We live in a technology-dominated era, in which the Internet plays a big role. We use it to connect to the world, to get information, to work, to shop and for many other purposes. There are many ways an electronic device can connect to the internet. As technology improves, there is a greater need for faster Internet connections, in order to handle these changes and also the market’s growing requirements.
The aim of providing all homes and businesses with a fast, reliable Internet connection developed in Australia as the National Broadband Network (NBN) project, funded by the Federal Government. The NBN is designed to replace old, outdated phone and internet infrastructure. But how will it really work and how do NBN plans differ from other types of Internet connections, such as Cable and Wireless?
- NBN plans can vary in price depending on the download speed, the slower speed options being similar in price with the ADSL plans.
- NBN plans can be faster and more reliable than current ADSL2 options.
- ADSL and ADSL2+ rely on the old copper infrastructure, which was originally intended for the sole purpose of fulfilling telephone needs.
- The NBN’s modern architecture was designed with the specific target of supporting high speed transfer or internet traffic.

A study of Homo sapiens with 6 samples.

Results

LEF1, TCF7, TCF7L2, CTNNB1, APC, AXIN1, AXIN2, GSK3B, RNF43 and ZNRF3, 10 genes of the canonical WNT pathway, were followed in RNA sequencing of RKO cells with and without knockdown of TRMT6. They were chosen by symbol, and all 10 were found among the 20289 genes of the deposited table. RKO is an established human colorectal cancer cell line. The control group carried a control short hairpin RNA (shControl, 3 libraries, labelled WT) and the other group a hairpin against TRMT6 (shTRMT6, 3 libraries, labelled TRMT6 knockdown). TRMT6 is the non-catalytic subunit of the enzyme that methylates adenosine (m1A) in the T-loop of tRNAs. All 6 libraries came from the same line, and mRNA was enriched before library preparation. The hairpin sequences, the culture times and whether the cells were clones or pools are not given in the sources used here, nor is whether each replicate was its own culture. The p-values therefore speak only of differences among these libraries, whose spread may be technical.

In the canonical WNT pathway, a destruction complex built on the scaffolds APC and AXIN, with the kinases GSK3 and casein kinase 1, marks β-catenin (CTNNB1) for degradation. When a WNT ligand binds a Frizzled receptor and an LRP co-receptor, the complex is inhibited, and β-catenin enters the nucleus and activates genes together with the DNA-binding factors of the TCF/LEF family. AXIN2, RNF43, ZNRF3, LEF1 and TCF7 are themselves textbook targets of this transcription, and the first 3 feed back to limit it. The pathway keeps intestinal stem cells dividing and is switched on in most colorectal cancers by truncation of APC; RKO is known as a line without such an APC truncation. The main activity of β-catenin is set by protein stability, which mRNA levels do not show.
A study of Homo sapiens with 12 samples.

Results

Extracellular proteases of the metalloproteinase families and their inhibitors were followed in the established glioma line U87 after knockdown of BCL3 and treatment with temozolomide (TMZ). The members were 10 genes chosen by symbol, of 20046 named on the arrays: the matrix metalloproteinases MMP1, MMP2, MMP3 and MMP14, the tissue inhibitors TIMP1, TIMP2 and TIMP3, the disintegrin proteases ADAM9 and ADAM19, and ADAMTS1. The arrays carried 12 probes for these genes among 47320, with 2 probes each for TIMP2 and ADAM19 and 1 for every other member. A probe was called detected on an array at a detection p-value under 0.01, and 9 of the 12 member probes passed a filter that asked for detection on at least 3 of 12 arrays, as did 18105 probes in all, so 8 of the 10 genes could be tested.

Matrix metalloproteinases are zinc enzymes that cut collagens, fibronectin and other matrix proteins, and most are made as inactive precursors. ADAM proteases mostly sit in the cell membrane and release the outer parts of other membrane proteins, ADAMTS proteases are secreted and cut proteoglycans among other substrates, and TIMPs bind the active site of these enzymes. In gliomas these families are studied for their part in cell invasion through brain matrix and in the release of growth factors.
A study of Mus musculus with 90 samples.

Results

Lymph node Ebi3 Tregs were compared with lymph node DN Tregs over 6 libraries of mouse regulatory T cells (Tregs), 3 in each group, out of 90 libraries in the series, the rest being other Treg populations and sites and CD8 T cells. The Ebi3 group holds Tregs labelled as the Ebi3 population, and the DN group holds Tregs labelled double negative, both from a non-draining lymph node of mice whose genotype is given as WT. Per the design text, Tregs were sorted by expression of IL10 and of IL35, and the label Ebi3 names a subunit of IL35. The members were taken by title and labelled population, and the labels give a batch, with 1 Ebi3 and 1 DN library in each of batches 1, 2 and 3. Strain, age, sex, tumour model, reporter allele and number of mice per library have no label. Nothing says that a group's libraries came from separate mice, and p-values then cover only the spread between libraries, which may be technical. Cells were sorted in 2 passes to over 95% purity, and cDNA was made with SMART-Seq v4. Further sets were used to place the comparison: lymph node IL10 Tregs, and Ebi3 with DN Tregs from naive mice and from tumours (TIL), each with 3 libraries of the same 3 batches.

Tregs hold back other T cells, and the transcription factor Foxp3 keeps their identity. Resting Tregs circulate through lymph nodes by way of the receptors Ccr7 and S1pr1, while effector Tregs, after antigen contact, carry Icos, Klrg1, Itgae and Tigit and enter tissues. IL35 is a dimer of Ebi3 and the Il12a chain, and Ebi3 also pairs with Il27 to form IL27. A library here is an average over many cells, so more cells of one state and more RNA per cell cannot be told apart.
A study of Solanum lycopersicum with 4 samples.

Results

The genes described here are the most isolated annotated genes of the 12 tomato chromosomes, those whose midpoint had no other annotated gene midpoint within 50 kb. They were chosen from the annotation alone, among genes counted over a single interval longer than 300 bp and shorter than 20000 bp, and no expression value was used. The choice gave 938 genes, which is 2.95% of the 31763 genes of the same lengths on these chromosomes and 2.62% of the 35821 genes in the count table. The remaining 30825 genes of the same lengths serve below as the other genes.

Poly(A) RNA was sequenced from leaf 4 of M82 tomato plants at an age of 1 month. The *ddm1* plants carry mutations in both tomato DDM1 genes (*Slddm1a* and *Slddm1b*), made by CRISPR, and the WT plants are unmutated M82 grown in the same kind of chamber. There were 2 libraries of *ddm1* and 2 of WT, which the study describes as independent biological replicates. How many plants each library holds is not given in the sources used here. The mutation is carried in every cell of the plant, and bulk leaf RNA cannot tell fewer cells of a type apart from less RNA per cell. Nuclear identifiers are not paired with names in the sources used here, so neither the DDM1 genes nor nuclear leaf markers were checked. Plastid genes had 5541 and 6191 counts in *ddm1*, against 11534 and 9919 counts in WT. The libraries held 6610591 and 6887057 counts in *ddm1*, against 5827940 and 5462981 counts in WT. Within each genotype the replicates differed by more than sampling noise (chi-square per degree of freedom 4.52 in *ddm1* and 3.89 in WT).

- There are NBN Plan prices quite similar to what customers are already paying for ADSL2+.
- Download speeds are quite comparable, the cable broadband speed being the most like NBN.
- Cable connection requires an installation fee, unlike NBN (with the exception of the New Development fee for a small number of NBN users).
- In the beginning, NBN maximum speeds will be similar to the maximum speed of a cable connection.
- It is expected that the NBN will be upgraded to considerably exceed the maximum speed limits of cable.
- The NBN initial maximum speeds will double the ones 4G users have seen under perfect conditions.
- Both NBN and wireless come with free-of-charge installation (except in the cases mentioned above).
- Wireless broadband performance relies on the strength of the signal in a particular location, contrary to what NBN plans have to offer.
- Wireless connection can be unstable and unreliable indoors, compared to fixed-line connections, such as ADSL, NBN and cable.
When comparing different internet connection types, the NBN manages to encompass the best aspects from all of them and really has the edge overall (particularly if you choose the Premium Speed plan). The NBN plans have many features: faster speed, infinite data, dynamic IP address, no contracts, no setup fees, no disconnection fees, no plan charge fees and a lifetime modem warranty.
Does this mean that you have to move to an NBN plan? As specialists in the area say, even if you are happy with your current internet service, sooner or later your neighborhood will be ready for NBN, so why not get ahead of the curve and start embracing the future today.
A guest post submitted by an individual in the technology sage family. We allow guest posts here to help build exposure of the technology enthusiasts by providing a platform for them to share their ideas.